Of Pirates and Elves

“If you’ve ever been to the Dickens fair and seen one of their wacky adaptations of some classic story,” says actor David Yen, director of Spreckels Theatre Company’s Peter and the Starcatcher, “then you’ll recognize the fast-and-furious approach to storytelling that happens in this show. It’s hard to tell what’s in the script from what’s been invented on the spot. It’s crazy!”

Based on the young adult novel by columnist Dave Barry and mystery writer Ridley Pearson, the play—with a goofball, pun-strewn script by Rick Elice (Jersey Boys)—serves as a kind of prequel to James Barrie’s classic play and novel Peter Pan.

The Spreckels production features Larry Williams as the tongue-tangled pirate Black Stache (better known as Captain Hook), Chris Schloemp as Smee and Anderson Templeton (full disclosure: he’s my son) as the Boy, long before he takes the name of Peter Pan. The show has been given a decidedly Christmasy vibe, with a prologue involving a tree and presents and a pivotal lump of coal. Though the script provides room for improvisation, Yen says that he instructed the cast to resist the urge to include jokes referencing the recent election or other political concerns.

“This needs to be a play people walk away from feeling inspired and hopeful,” he says, “a play people are touched by, touched by the humanity and heart of the script’s conflict between growing up and staying young forever, between having a family and a home, and having to become an adult—and everything that might mean—in order to get that.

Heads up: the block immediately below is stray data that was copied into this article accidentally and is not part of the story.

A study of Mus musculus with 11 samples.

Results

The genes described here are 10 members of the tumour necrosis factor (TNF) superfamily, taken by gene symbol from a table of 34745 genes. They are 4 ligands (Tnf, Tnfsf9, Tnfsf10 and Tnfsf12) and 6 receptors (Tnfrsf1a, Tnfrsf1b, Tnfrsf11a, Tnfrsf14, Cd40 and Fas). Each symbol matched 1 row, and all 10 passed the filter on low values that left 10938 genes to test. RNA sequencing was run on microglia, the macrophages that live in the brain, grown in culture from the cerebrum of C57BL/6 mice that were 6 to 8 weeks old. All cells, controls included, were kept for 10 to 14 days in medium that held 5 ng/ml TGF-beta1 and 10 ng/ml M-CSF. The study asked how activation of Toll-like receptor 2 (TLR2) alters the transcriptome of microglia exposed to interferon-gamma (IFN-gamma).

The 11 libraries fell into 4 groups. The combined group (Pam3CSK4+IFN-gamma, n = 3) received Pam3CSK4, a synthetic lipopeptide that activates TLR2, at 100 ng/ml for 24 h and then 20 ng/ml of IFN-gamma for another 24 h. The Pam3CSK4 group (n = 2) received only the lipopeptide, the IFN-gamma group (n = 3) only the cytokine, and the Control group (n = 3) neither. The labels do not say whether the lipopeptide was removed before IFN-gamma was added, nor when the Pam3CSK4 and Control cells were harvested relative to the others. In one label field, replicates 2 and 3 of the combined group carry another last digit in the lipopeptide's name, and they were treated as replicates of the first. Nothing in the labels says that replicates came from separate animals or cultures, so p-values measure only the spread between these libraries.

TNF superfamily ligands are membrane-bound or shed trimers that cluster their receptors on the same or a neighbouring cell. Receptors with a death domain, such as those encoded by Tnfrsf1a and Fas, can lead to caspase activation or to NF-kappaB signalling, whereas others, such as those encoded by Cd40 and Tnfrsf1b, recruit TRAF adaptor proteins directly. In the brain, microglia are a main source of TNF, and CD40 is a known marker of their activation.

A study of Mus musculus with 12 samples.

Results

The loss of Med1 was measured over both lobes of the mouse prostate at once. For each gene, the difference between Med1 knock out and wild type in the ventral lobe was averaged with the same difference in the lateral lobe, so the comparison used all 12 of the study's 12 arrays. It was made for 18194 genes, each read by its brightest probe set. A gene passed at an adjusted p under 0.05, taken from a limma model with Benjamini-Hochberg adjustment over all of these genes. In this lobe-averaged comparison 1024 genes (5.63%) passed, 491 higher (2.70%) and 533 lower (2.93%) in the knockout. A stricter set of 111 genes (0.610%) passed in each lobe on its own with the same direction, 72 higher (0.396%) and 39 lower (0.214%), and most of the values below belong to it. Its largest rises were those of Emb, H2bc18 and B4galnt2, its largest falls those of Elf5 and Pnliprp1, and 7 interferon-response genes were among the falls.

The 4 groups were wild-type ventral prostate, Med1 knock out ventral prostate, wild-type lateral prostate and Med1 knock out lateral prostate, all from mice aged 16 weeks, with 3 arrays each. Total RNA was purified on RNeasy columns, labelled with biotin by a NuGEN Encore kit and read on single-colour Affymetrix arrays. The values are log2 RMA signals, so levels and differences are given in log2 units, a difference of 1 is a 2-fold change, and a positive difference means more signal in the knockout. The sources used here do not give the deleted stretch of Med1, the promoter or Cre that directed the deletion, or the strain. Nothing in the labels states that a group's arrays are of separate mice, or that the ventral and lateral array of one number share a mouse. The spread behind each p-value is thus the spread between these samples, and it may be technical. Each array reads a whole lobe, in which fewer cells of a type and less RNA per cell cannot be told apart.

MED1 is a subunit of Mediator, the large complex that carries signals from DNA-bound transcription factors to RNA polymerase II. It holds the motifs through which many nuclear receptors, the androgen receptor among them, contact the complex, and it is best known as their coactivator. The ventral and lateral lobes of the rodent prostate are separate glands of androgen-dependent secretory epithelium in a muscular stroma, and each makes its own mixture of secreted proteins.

“Yes, it’s a very silly, strange story, with fart jokes and outrageous gags, but it’s also a very touching story. I think we all need this right now.”

While preparing Peter for opening night, Yen has also been gearing up to play Crumpet the Elf in the dark one-actor-comedy The Santaland Diaries at 6th Street Playhouse. This will be Yen’s ninth consecutive production of Santaland, based on David Sedaris’ wry memoir of working as one of Santa’s helpers at New York’s Macy’s department store.

“People won’t let me stop doing this show!” Yen laughs. “Though, honestly, if it wasn’t still fun, after nine years, I’d have stopped doing it. But Santaland really is a total blast to do.”